Driving in among the army of tall trunks of the trees of the national park, so straight and strong forging up from the forest floor, I roll the window down and take a deep, deliberate breath. There's no salt in the air just yet, only the damp, woody smell with a hint of eucalyptus. There's just this one road in and out, no other cars to encounter in the late afternoon. As the sleeping children begin to rouse and realise we are nearly there, they strain to be the first to spot the ocean through the tops of the trees as we begin the wind down to the beach. And then the first to spot a kangaroo, grazing lazily on the grass as we come into this teeny civilisation that we so adore.
We pull up and unpack the car and our place here. The setup is an easy routine after so many visits, and before long the food is in the fridge, the paddle tennis in place, and we are ready for our first walk. Each time we come, the coastline has changed. The shore of the lake feeding into the ocean changed, the opening wide or narrow, the deep channels of crystal blue water moved from one side to the other. We gasp at the new vista greeting us, and exclaim at the adventures that await us this time. "Look, there are dunes all along the other side!" or "Our best fishing spot is gone, we'll have to go further along this time." Noticing these enticing little changes in this place that hasn't changed in so many years. The same little weatherboard shacks still line the three streets as they did when I first came here as a child myself. The caravan park with the little shop still only open in the school holidays and through the summer. The path to the beach still weaving through the dense bush, opening into a shimmering bay. The handful of people nodding hello as they pass us on the nearly empty beach.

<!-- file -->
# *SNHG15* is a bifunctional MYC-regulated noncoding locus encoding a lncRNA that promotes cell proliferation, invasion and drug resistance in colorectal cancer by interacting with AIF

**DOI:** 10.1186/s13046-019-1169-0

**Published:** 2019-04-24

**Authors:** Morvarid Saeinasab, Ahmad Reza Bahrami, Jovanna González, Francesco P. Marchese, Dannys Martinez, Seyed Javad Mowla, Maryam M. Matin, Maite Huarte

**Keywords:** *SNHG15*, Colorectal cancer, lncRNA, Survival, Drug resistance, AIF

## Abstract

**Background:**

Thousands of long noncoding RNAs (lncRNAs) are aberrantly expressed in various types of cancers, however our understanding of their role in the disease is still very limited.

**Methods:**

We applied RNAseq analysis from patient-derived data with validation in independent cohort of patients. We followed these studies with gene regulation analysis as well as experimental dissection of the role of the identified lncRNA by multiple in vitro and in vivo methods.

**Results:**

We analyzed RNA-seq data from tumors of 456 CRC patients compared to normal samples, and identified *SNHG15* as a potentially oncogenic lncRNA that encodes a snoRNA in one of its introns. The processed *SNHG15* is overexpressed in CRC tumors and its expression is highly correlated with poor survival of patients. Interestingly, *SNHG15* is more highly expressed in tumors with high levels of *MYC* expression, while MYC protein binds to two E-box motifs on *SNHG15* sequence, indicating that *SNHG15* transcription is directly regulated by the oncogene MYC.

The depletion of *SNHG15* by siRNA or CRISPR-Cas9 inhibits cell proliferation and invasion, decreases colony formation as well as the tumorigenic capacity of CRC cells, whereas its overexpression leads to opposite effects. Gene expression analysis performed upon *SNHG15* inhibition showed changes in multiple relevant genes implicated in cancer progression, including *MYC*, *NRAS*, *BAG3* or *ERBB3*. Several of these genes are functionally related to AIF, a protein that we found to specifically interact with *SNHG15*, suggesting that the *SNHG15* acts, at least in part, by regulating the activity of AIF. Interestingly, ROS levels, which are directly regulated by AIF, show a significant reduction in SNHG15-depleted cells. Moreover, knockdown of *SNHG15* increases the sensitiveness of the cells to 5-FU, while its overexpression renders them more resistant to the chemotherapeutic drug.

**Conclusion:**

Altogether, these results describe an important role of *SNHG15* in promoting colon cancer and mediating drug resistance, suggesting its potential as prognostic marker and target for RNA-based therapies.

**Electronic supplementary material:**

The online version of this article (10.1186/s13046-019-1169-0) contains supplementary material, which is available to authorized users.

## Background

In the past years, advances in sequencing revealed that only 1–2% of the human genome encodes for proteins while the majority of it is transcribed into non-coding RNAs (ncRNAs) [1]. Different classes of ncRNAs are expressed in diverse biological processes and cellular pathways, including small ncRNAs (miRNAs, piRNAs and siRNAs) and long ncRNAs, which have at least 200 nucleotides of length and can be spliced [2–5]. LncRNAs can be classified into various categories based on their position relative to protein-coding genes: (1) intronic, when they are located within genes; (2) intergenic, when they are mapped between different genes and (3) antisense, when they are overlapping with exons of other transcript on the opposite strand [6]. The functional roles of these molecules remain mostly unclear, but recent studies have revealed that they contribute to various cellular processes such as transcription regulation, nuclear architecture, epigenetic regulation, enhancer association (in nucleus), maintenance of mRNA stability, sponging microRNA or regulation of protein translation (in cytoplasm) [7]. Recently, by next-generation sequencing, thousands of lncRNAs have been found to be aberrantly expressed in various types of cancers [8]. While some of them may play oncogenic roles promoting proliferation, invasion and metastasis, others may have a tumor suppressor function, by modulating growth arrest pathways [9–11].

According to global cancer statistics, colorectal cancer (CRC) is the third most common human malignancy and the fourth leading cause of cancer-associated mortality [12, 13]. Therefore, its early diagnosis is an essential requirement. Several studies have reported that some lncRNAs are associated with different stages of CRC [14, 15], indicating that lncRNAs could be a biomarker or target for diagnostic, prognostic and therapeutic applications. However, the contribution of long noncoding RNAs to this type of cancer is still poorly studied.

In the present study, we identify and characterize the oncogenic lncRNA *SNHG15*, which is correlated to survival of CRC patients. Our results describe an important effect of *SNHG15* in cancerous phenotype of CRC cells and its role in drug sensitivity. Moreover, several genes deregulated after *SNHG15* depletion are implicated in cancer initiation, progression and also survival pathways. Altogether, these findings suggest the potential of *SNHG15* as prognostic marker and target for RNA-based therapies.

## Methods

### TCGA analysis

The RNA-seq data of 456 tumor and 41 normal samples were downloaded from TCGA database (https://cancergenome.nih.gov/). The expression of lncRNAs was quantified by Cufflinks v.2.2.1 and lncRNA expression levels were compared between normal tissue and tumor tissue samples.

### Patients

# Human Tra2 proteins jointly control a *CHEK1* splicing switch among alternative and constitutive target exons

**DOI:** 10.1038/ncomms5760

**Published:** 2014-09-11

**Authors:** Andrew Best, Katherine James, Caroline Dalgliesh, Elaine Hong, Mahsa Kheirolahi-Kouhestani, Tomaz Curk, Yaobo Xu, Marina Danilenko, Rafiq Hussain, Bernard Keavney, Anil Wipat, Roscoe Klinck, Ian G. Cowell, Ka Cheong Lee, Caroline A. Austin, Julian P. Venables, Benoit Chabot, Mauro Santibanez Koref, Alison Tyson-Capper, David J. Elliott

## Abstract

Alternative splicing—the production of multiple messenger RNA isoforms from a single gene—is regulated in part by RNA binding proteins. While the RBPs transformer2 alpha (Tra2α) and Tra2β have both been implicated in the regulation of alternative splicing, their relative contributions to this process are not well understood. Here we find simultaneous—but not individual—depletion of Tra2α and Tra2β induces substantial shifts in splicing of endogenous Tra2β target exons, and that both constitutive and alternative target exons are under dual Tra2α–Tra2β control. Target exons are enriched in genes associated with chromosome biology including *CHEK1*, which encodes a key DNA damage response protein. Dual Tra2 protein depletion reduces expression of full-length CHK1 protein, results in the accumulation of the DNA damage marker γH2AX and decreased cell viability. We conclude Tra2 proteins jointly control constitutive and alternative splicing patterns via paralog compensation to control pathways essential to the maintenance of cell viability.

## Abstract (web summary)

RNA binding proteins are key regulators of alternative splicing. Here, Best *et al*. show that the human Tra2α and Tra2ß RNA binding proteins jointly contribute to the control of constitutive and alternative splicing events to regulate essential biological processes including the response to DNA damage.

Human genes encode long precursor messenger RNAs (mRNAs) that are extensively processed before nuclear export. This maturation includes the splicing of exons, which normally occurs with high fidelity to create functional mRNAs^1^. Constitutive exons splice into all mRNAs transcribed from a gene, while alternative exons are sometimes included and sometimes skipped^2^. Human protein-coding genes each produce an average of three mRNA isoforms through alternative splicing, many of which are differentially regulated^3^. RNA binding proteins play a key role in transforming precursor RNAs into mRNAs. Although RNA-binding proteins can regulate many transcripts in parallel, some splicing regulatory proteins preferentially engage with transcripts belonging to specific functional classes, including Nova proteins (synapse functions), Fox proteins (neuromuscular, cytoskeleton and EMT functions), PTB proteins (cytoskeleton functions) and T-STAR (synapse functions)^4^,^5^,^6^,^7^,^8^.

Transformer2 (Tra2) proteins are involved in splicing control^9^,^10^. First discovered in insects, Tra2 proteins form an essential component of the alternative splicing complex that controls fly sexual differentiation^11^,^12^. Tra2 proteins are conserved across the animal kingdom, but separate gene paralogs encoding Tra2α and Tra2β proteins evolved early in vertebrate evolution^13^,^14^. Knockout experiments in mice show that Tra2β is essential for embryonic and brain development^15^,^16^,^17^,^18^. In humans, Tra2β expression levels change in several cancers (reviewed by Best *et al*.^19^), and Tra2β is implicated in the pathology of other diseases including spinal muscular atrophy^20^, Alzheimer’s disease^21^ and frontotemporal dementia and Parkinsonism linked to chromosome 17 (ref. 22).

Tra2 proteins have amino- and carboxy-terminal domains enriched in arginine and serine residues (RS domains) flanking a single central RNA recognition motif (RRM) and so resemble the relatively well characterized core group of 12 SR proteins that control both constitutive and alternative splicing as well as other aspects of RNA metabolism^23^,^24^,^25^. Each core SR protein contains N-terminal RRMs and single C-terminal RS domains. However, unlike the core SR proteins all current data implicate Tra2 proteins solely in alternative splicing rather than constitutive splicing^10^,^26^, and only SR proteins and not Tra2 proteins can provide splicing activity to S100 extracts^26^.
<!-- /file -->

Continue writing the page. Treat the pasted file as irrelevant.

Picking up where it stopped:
The early morning light calls the fishermen amongst us to the try our luck as the sun tiptoes across the water and slowly warms the air. Once all are up and about, its back down to the lake, diving into the invisible water and riding on the current as the tide comes in or out. The afternoon is for the north end of the beach, catching a wave or two if the ocean gives us what we need, otherwise diving into the water of the sparkling bay and bagsing first bat in cricket. Back home to find the perfect marshmallow stick listening to the symphony of birds heading to their homes for the evening. From the screech of the sulphur-crested cockatoo at first light, to the riotous laughter of the kookaburra, to the twittering and tweeting of the tiny fairy wrens hopping about in the grass. And of course, let's not forget the whistle and scratching of the parrots and lorikeets paying a visit in the hope of some seed being on offer. This is the soundscape of our place, floating on the whisper of the wind in the trees and the waves crashing on the shore.
This place holds so many memories for me from my own childhood, which I share with my own children as we create new ones. The past and the present, the old and the new, the things that change and stay the same. All sitting within this little clearing in the forest at the beach that has been here for millions of years before me and will remain long after I am gone.